Successful African-Americans — whether they are sports stars, entertainers or politicians — are often accorded a more tortured significance. In addition to being held up as proof that racism has been extinguished, they are often employed as weapons in the age-old campaign to discredit, and even demean, the disadvantaged.
Obama has frequently been employed as a weapon against the disadvantaged.
Yet, the president, notes Staples, "has refused to play this role, even though people have tried to thrust it upon him."
According to Staples, African Americans who do favor the idea that it is "only hard-working, morally upright people who succeed, and lazy, morally defective people who do not" often end up "trumpeting exceptionalism, playing down the significance of discrimination, and lecturing black people (nearly always in front of white audiences) to stop whining about racism and get on with it."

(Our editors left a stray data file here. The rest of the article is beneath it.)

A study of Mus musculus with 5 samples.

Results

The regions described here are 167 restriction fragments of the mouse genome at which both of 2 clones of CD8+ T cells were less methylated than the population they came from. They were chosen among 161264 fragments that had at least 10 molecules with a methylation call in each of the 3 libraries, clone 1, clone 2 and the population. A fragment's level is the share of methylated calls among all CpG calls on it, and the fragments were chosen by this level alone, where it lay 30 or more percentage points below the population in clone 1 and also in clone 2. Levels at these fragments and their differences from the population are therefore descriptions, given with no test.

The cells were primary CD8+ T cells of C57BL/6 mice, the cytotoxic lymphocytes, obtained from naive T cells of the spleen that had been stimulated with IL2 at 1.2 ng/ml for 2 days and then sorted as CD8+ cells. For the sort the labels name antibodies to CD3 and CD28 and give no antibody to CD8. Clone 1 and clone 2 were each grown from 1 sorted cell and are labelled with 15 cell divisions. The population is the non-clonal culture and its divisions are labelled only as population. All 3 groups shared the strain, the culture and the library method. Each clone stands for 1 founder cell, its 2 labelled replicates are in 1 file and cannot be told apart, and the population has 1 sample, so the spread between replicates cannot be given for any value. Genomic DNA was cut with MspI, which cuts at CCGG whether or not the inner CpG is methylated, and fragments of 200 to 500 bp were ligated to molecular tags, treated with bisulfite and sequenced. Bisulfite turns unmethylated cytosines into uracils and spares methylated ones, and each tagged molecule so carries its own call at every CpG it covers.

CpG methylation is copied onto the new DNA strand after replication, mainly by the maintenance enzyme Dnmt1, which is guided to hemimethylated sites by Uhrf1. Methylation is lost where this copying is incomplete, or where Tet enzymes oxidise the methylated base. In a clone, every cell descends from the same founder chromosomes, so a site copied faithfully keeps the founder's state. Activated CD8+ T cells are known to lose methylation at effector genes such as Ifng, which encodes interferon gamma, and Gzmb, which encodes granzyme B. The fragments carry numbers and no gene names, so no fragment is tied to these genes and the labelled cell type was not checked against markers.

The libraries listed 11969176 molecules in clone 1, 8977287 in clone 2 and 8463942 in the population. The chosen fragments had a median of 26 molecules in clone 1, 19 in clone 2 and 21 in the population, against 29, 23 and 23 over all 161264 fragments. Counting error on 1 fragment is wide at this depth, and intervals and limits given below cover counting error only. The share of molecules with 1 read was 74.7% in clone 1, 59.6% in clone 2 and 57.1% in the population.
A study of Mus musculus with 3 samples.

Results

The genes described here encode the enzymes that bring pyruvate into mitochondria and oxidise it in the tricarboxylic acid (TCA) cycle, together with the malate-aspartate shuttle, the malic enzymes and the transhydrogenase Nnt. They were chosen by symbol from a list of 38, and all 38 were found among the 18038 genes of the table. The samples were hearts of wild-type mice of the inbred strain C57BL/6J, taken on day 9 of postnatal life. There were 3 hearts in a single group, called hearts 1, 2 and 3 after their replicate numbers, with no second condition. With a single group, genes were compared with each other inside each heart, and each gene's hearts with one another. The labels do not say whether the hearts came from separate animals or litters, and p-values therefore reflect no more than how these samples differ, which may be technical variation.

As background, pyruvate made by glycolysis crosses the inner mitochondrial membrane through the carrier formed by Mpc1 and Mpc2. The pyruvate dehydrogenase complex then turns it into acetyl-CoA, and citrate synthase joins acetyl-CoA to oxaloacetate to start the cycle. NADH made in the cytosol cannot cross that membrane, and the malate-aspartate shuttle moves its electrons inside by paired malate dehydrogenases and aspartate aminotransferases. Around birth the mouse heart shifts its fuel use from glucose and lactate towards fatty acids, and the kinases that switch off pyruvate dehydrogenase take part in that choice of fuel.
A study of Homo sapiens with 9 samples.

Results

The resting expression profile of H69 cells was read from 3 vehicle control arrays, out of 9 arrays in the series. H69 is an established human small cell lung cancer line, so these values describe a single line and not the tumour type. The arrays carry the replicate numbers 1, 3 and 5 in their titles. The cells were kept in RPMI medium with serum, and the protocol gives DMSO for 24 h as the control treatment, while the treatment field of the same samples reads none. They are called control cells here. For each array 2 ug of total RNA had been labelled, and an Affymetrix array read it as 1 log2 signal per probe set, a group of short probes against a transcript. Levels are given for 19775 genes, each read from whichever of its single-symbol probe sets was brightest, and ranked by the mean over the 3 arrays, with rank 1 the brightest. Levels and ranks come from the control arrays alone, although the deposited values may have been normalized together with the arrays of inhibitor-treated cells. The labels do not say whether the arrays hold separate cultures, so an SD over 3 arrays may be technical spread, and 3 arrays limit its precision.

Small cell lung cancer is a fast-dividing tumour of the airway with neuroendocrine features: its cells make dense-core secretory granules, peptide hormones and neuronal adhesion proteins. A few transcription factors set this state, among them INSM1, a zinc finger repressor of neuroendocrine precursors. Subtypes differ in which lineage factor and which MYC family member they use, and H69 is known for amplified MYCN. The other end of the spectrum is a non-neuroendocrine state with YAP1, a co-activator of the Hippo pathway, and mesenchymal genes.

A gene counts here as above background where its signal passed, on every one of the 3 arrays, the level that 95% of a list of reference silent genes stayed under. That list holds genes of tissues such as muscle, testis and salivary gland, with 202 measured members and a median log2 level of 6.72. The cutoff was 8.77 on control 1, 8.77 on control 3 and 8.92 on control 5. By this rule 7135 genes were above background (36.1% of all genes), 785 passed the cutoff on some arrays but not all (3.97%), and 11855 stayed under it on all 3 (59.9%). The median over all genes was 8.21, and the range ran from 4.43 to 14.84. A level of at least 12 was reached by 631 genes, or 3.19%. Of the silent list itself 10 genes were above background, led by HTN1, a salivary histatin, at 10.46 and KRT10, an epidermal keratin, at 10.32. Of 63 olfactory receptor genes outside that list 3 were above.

The conversation and intrigue with the Gates' case seems to have grown rapidly. There's already a wikipedia entry on the incident, by the way. However, Staples' editorial stands out among the various other writings so far because of how deftly he references a broader range of inter and intra-racial ideas concerning this conflict--a conflict that is definitely bound up in perceptions about race.
And perhaps more importantly, the race wisdom that permeates Staples' commentary reminds us how we might profit with more access to cool headed writers with knowledge of African American experience.